Omnia opera. 

Paris, Sebastien Nivelle, 1572. 

Folio, pp. [viii], 252, [54]; large woodcut printer’s device on title, woodcut initials, printed in two columns, running titles, printed shoulder notes; some light foxing and marginal fraying to title, some light marginal waterstaining to pp. 35-100; else a clean and fresh copy in contemporary limp vellum, some soiling, upper hinge split, ties perished; endguards of waste from two different fourteenth-century vellum manuscripts (one on canon law and the other from Giles of Rome, Commentarius in Libros Sententiarum, Book 1); hundreds of contemporary marginal annotations in Latin with some Greek to the text and at the foot of the last page, consistent with the cancelled ownership inscription on title; ownership inscription ‘P. Papillon’ to title: very likely abbé Philibert Papillon (1666–1738), author of the study Bibliothèque des auteurs de Bourgogne; printed ex-libris of the abbey of Sainte-Marie La Pierre-qui-Vire, diocese of Sens, founded in 1850, to the front free endpaper.



In the Protrepticus he invites Greeks to convert to Christianity, finely weaving theology with mythology and elements of mystery cults with which he was evidently familiar.  The Pedagogus is a work of moral philosophy, illuminating Christian ethics and showing its essential harmonisation with elements of Greek ethics.  The perceived moral corruption of the pagan world had been the main factor in Clement’s own conversion, yet he draws greatly on Stoic philosophy and Greek pagan literature, quoting Homer more than sixty times.  It is in this work that Clement champions equality of sexes, arguing that salvation is gifted to all humans with no distinction, asserting that Christ may not be described either as female or male, and championing women’s participation in church leadership; his list of inspirational models includes both Biblical and Classical Greek figures.  The more eclectic Stromata returns to the theme of Greek philosophy and its relationship with faith, considers asceticism and martyrdom, discusses the more literary books of the Bible.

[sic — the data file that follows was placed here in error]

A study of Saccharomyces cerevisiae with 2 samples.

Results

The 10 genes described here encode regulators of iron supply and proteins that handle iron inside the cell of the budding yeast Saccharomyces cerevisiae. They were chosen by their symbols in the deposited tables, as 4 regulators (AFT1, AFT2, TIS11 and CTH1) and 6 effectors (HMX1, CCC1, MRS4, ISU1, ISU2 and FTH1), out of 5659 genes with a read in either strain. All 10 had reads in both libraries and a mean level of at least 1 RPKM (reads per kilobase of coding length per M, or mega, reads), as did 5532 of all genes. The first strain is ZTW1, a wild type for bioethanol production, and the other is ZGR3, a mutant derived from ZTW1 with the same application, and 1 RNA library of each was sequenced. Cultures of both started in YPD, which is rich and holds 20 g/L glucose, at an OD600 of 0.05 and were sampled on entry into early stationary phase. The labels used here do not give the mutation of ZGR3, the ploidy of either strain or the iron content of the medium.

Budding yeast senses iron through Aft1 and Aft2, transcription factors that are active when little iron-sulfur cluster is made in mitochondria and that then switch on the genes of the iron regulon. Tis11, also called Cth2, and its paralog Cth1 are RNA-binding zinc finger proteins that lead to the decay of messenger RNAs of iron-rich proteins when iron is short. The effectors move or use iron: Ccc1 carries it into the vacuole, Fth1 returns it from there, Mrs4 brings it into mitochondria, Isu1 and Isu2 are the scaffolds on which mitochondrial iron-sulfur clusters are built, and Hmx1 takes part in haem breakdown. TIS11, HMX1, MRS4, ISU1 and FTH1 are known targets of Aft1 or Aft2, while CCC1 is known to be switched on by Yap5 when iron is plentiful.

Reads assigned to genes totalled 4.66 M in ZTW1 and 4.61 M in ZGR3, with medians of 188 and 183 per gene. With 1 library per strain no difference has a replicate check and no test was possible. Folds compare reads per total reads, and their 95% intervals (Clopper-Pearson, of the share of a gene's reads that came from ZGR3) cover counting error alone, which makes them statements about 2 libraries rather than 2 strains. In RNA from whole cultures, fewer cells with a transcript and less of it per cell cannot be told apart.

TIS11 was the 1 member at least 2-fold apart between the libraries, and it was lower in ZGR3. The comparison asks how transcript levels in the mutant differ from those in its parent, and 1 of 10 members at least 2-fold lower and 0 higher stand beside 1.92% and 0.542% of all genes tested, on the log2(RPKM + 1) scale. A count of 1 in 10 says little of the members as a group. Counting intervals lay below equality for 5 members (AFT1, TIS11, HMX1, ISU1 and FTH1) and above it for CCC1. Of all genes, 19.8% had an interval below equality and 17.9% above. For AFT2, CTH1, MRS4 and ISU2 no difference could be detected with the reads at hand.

Our annotator is meticulous in studying, summarising, and commenting upon the whole of Clement’s corpus, with special attention given to ethical and moral questions of right and wrong, of what amounts to a good life, of moderation and rectitude.  His reading adds, as if in a mirror, a humanistic, Renaissance perspective to Clement’s original plan: Clement grafted Christian values and worldview on to an essentially Greek culture; our reader-annotator grafts the values of Classical civilization on to an essentially Christian understanding of the world and of the role played in it by mankind.  The references he makes are then transferred into the final index and the note at the foot of the last folio. 

Brunet II, 93; Pettegree, Walsby, & Wilkinson 62582; USTC 170075.